The Passover celebration was close at hand, Jesus wanted to remember it with His disciples. As He does so, He installs a new meaning to part of it that we remember today as the Lord’s Supper or Communion
During the passion week, Jesus taught in the temple daily. Luke gives us an overview of some of these teaching moments. The never-ending question about the kingdom and the grandeur of the Temple combine to compel some practical teaching about what to do when the world hates you.
What role do we play in society? Sometimes we may feel pressured to conform to certain expectations, is this wrong? What does God expect from us and how do we fit in? 2 very opposite groups are presented here, the societal haves and the have nots.
Some religious leaders’ questions give us some insight into the life that is to come. They intended it as a trap for Jesus, but all they did was catch themselves in a debate they had no answers for.
How do we define and describe what are the laws of man and laws of God and when one supersedes another? Not all law is bad, so let us explore how to obey the right laws.
Why was authority a big issue? Power corrupts, but in reality, it is authority to exercise power that corrupts. The religious leaders knew where their authority came from, but Jesus they were not sure about.
Jesus enters Jerusalem as her King and while initially welcomed finds nothing but opposition from her leaders.
Jesus tempers expectations that the Kingdom was imminent. Why the delay? You and I can be glad for it or we would never have been born. God has His reasons for waiting, will we be found faithfully working when He returns?
Is this how its supposed to be?
Two men who couldn’t see, see Jesus clearly. Very different circumstances yet both point to the heart of Luke’s gospel and Jesus’ ministry: to seek and so save that which was lost!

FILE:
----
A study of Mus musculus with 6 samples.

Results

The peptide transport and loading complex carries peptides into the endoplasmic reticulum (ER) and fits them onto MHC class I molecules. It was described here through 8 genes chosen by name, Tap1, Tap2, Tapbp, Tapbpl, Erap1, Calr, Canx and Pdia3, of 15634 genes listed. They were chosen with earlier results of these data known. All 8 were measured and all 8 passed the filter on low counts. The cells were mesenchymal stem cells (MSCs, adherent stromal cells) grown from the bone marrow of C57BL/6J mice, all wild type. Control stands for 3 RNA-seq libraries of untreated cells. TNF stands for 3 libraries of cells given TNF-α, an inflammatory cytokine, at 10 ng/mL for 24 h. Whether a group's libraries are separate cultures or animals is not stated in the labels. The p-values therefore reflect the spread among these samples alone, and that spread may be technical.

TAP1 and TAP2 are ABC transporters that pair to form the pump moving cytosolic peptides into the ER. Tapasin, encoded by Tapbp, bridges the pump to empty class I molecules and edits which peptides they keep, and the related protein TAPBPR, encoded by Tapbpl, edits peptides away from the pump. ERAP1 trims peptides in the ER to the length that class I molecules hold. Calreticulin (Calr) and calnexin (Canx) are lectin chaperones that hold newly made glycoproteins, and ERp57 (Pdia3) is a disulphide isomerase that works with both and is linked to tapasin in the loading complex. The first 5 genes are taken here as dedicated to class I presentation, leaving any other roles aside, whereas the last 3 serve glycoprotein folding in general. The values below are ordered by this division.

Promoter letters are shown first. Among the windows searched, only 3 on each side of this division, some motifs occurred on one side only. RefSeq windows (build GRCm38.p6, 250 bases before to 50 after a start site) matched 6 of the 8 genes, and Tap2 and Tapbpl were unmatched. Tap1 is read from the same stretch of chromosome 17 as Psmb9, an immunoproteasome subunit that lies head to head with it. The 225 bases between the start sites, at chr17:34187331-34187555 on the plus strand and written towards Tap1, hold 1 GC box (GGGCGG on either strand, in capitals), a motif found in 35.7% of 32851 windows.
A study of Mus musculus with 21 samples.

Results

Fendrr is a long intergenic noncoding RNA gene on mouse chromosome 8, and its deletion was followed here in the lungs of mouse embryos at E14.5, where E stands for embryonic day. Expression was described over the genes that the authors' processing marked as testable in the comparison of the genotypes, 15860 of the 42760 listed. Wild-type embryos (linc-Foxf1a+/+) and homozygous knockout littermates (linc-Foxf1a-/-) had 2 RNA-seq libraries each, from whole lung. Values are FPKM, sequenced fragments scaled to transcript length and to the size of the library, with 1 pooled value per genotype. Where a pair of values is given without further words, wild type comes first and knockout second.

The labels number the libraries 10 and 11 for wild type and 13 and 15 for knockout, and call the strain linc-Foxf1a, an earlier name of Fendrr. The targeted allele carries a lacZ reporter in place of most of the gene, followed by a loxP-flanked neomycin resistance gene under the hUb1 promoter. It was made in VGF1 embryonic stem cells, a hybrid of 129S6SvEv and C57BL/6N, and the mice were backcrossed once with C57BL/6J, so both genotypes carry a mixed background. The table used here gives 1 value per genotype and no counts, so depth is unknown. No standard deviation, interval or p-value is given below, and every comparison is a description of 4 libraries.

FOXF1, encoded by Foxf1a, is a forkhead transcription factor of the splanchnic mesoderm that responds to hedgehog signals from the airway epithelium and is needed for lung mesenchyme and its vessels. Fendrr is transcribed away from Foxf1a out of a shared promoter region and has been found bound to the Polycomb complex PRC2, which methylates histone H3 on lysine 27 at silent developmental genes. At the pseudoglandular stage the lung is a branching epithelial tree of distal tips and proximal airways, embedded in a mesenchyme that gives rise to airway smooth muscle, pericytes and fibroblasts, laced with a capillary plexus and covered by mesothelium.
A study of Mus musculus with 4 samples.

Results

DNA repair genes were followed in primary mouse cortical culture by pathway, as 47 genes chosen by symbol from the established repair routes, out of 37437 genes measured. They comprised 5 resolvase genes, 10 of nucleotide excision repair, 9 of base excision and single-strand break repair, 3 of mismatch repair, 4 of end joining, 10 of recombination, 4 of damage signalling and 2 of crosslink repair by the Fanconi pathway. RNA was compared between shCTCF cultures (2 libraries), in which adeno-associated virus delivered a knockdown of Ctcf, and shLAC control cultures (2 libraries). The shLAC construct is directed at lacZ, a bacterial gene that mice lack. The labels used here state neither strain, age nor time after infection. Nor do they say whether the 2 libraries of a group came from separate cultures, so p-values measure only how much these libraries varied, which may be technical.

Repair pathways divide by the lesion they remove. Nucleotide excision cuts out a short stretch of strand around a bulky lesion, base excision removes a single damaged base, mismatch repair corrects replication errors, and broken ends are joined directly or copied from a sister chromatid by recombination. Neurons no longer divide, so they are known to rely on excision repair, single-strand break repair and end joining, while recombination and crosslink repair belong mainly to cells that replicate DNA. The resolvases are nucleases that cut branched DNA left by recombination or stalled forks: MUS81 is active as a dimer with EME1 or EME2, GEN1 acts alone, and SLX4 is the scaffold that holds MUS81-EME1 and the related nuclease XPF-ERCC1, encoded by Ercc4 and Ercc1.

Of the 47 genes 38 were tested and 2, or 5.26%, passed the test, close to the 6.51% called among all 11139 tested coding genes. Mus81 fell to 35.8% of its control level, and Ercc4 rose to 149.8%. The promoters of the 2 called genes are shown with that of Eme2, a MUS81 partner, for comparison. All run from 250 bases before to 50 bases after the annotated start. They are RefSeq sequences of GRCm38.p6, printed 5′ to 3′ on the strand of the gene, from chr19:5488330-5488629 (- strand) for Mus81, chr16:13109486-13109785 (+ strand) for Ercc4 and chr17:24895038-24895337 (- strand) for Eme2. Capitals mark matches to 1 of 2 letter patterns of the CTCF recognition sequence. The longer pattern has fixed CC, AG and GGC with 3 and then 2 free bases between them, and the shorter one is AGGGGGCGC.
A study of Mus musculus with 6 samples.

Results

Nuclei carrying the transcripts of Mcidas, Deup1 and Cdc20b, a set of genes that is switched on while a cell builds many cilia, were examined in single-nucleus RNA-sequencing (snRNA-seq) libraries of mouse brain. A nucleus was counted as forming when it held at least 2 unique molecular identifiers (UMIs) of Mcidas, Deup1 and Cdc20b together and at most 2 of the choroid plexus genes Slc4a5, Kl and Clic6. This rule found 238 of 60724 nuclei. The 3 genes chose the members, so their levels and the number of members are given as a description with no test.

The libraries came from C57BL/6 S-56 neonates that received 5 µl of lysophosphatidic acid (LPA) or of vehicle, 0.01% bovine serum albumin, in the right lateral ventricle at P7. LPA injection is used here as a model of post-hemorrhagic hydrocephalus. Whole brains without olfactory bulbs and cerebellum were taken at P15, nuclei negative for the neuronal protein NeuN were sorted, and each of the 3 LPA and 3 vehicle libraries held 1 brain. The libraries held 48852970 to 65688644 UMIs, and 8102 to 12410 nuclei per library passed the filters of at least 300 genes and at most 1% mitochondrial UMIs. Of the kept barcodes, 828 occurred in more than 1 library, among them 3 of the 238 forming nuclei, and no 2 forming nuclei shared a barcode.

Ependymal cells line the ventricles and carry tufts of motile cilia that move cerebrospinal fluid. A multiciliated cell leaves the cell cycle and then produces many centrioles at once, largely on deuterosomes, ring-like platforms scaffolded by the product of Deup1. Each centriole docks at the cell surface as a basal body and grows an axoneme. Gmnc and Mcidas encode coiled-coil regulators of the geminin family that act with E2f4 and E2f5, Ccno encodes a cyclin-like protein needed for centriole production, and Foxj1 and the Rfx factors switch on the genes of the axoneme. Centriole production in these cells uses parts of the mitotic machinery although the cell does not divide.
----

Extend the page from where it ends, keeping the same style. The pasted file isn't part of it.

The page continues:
Jesus speech becomes plainer and more straightforward as he moves towards Jerusalem. He clearly wanted those who would follow Him to count the cost of discipleship. Following Jesus always costs something, usually everything.
While the first prayer section was dealing with the mechanics of praying, this section deals with the heart attitudes of the prayer.
The Pharisees want more answers, this time about the coming kingdom and its timing. They don’t believe He really knows but seem to be testing Him and perhaps creating a scenario when He could be deemed a false prophet. Jesus patiently deals with the ingratitude and unending questions.
In the midst of his journey to Jerusalem Jesus ministers to men living with leprosy. He miraculously heals them but only 1 shows gratitude. Truly redeemed people must be thanks-filled people too!
What is expected of us who follow Jesus? We are to forgive, we are to be a people of faith, we are to obediently serve. Anything else we add to it becomes fences around walls of religiosity.
The familiar story about Lazarus and the rich man illustrates the importance of being prepared for eternity. All of us are mortal and will die. Where we spend eternity is determined in this life. Where will you be after the undertaker is called?
God knows us and doesn’t need to test us to prove our character. The tests that come our way do expose our hearts and will. When we stand before Him, as we all will do, what will our actions reveal about our character?